Labour disruptions in professional sports leagues are nothing new.
Fans are accustomed to lockouts in the NHL and the NBA. There was a strike or a lockout in numerous Major League Baseball labour negotiations. Even the NFL had a lockout in 2011.
But for a sports league outside of the big four to contemplate a labour disruption would be unique.
And that's the situation facing the CFL.
The CFL's collective bargaining agreement expires on June 1. The players have indicated they will strike if a new pact isn't in place. Both sides are working towards a deal, but there's no guarantee it will be finalized before the end of this month.
Nobody can accuse CFL players of being greedy. Most of these players need a job in the off-season to supplement their income during the CFL season. They play for the love of the game, and in the case of the American players, they do it while playing in another country.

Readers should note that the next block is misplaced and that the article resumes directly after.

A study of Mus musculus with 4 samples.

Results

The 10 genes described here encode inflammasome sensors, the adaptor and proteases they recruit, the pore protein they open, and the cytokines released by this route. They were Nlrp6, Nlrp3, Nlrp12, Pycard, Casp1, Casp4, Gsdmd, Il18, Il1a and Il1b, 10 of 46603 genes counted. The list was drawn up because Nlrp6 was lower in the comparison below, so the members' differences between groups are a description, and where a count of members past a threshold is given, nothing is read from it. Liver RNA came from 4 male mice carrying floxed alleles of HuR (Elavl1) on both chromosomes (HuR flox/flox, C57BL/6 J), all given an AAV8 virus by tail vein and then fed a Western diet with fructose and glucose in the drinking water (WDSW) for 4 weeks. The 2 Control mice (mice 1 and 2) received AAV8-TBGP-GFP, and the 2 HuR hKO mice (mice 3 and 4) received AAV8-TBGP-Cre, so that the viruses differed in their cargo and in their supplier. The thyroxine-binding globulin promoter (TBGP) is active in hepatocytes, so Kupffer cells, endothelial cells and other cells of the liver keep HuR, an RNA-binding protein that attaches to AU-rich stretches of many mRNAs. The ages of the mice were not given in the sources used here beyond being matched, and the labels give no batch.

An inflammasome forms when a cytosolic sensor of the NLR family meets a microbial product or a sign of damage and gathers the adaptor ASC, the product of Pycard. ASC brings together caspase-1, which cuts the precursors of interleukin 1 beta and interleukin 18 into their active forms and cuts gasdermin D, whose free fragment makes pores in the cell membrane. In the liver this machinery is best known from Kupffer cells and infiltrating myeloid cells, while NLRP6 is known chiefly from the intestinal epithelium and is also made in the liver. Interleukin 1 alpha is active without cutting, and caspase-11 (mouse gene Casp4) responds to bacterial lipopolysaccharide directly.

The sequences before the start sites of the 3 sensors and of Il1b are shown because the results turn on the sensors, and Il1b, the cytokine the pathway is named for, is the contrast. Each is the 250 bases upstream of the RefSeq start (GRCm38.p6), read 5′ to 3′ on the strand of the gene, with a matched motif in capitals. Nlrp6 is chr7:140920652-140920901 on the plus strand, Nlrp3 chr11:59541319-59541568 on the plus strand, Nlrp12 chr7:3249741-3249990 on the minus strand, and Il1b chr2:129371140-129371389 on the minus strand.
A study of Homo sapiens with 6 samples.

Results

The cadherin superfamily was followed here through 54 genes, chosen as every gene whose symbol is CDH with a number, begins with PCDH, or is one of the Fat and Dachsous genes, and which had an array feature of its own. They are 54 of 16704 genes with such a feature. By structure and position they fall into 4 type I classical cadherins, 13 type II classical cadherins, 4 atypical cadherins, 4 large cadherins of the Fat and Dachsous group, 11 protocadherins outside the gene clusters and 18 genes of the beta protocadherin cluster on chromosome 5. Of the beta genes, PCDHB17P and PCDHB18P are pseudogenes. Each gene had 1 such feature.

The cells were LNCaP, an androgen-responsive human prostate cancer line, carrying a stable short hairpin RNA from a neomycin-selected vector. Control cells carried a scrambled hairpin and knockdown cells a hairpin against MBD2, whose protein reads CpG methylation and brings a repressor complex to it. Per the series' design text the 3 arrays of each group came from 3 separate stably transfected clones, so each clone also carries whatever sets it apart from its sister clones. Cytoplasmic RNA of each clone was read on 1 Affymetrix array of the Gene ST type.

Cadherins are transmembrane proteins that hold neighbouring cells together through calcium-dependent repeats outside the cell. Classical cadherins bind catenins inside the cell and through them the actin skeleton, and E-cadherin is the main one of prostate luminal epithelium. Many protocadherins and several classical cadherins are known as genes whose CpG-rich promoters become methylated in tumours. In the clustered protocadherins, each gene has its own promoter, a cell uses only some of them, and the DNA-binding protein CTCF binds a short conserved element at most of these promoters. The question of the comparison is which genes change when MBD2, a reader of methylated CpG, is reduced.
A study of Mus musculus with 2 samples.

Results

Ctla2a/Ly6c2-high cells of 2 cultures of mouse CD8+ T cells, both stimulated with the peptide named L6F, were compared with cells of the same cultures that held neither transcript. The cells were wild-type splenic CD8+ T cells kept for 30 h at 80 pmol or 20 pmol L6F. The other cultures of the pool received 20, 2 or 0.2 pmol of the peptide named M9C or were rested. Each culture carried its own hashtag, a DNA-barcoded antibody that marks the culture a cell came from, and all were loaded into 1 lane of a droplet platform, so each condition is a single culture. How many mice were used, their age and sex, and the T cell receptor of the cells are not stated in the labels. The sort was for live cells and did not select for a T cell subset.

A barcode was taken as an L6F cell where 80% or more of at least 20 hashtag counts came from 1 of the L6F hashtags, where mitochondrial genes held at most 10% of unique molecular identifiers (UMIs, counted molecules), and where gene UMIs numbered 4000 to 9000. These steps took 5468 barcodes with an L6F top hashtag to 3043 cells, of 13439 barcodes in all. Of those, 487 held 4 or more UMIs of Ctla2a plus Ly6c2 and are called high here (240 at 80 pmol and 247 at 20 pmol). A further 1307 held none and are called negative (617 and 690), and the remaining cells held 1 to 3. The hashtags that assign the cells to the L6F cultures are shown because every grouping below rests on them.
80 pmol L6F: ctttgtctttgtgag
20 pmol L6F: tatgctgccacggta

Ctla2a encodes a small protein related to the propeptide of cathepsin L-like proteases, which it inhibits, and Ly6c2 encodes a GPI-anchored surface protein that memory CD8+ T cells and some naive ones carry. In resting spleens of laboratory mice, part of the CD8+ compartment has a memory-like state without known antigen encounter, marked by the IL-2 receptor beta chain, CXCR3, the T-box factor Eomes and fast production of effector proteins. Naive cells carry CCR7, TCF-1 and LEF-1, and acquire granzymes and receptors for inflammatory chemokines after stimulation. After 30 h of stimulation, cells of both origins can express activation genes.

They want to be adequately compensated for playing a violent sport, and who can blame them?
But this labour tiff comes at a bad time.
The CFL hasn't been this healthy in about 40 years. Younger fans might have a hard time believing that the CFL was on its death bed in the late 1980s and for much of the 1990s.
But now the league has strong leadership, healthy teams and higher revenues. Ottawa is back in the league, and they have solid ownership and a modern stadium.
A strike would hurt the league. It would shunt fan interest, especially in Ottawa. Even if it is resolved quickly, it would cut into training camp and pre-season games. And while nobody should be worried about exhibition football games, players need those games for the sake of timing, execution and conditioning.
Scrap the pre-season games, and there could be a greater risk of players getting hurt in the regular season.
The CFL is also a summer sport. If a strike is protracted, fans are going to find other things to do. "Out of sight, out of mind" syndrome sets in with most fans during labour strife; if regular season games are cancelled, fans in most markets might not embrace a non-major sports league once play resumes in July or August.
It makes no sense for the players to go on strike, or for the league to lock them out. Reach a settlement, get on the field for the start of training camp, and keep this league moving forward.
The CFL's a great game, and the league's in great shape. It'll still be a great game if there's a labour disruption; it might not be as healthy if there's a strike.